A rocket exploded last night in Iraq’s Dujail district, 50 kilometers (30 miles) north of Baghdad in the Salahuddin Province.
According to local police sources, the missile landed near the Balad Air Force base where U.S.-led coalition forces are stationed. No injuries or damage were reported.
The attack marks the second time this week Iraqi military compounds housing U.S. military personnel came under hostile fire, following a pre-dawn Iranian ballistic missile strike on Wednesday.
Two rockets were also launched at Baghdad’s heavily fortified “Green Zone” Wednesday, where many foreign diplomatic missions are situated. One of the projectiles reportedly exploded some 100 meters away from the U.S. Embassy. No injuries or damage were reported in either attack.
The recent developments come in the wake of an assertion by U.S. President Donald Trump that the Islamic Republic ‘appears to be standing down’ from further retaliation over the 3 January assassination of Quds Force commander Qassem Soleimani, derived from intelligence assessments that ‘Iran instructed its proxies to cease any attacks on regional installations housing U.S. forces.’
President Donald Trump told supporters at a campaign rally in Ohio that “Soleimani was actively planning new attacks, and he was looking very seriously at our embassies – and not just the embassy in Baghdad – but we stopped him and we stopped him quickly and we stopped him cold,” with what he referred to as “American Justice.”
President Trump also stressed he had been ready to retaliate against Iran’s January 8 ballistic missile strikes until being informed there were thankfully no American casualties in the attack. And while Washington’s Western partners have voiced broad support for the Soleimani’s killing by referencing it as a defensive American operation, many U.S. lawmakers have been demanding additional information on the ‘imminent danger’ the Trump Administration maintains posed by the Iranian General. “He was a bad guy. He was a bloodthirsty terrorist. “He was a bad guy. He was a bloodthirsty terrorist. And he’s no longer a terrorist. He’s dead,” Trump told the Toledo audience, adding, “And yet now I see the radical left Democrats have expressed outrage over the termination of this horrible terrorist.”
The Democratic-controlled U.S. House of Representatives passed a resolution last night to rein-in President Trump‘s ability to launch a new conflict in the Middle East. Approval of the bill fell mostly along party lines, 224 in favor to 194 against; and will now go to the Republican-controlled Senate.
The partisan vote reflected the deep divide in Congress over the Trump Administration’s Iran policy, and how much of a say lawmakers should have over use of the military. Democrats accusing Trump of acting recklessly backed the resolution, while it was opposed by his fellow Republicans. Democratic House Speaker Nancy Pelosi said the war powers bill was passed in accordance with the Representatives’ “first responsibility to keep the American people safe” and “to limit the president’s military actions regarding Iran. “ She went on to say, “Congress is reassuring our long-established oversight responsibilities as we mandate that if no further congressional action is taken, the administration’s military hostilities with regard to Iran must end.” At the other end of the political spectrum, Republican House Minority Leader Kevin McCarthy said, “I’d actually like to hear a Democrat speak to the 600 Gold Star families the Soleimani killed. I’d like to hear them defend that. I’d like to hear them defend Iran and their actions of burning an embassy, of killing an American, of killing thousands of civilians, even in their own country. But they’re going to take our time today with something that means nothing. But yes, they will run to the mikes. They’ll get on TV and they’ll tell a little more fake news that it meant something today. The only thing today will happen — they’ll make Iran believe they are stronger. They’ll make Iran believe they have allies in the House of Representatives.”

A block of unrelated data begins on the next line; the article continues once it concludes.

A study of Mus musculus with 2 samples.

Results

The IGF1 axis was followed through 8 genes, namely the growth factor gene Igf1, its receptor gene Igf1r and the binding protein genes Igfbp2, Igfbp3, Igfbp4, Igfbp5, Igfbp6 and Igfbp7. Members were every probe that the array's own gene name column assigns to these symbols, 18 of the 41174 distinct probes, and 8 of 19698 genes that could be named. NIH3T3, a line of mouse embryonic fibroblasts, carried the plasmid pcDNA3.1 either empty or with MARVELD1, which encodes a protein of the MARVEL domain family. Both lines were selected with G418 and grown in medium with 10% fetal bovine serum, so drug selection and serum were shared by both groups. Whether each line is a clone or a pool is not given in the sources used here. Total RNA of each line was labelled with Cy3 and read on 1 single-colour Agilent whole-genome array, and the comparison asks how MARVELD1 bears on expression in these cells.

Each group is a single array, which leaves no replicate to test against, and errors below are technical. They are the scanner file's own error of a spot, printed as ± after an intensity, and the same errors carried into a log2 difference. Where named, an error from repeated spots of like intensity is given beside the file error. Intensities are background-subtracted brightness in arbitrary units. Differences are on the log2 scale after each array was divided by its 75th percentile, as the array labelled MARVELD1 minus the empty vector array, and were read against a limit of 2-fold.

It is unclear how the war powers resolution will fare in the Senate, which holds a Republican majority of 53 mandates in the 100-seat chamber. Republican Senators Rand Paul of Kentucky and Mike Lee of Utah have already expressed support for the Democratic-promoted measure.
Meanwhile the commander of the Islamic Republic’s Aerospace Force, IRGC Brigadier-General Amir Hajizadeh claimed that Iran’s missile attacks on U.S. targets in Iraq were not meant to kill American soldiers but instead teach a “lesson,” and stimulate an American withdraw from the region.
General Hajizadeh, whose presentation was broadcast on state television, insisted to the watching Iranian public that “a big number – dozens – have been killed for sure. A number were wounded for sure. The figures will come out eventually.”
He further declared that “If we were seeking to achieve casualties, the least we could do was to plan the operation in such a way that 500 of them would have been killed. And if they had responded, our conditions would have changed. I mean, if we were facing their next operation, then we would have had no responsibility to save American lives. In the second and third steps, we think we would have had at least 500 Americans killed with 48 hours.”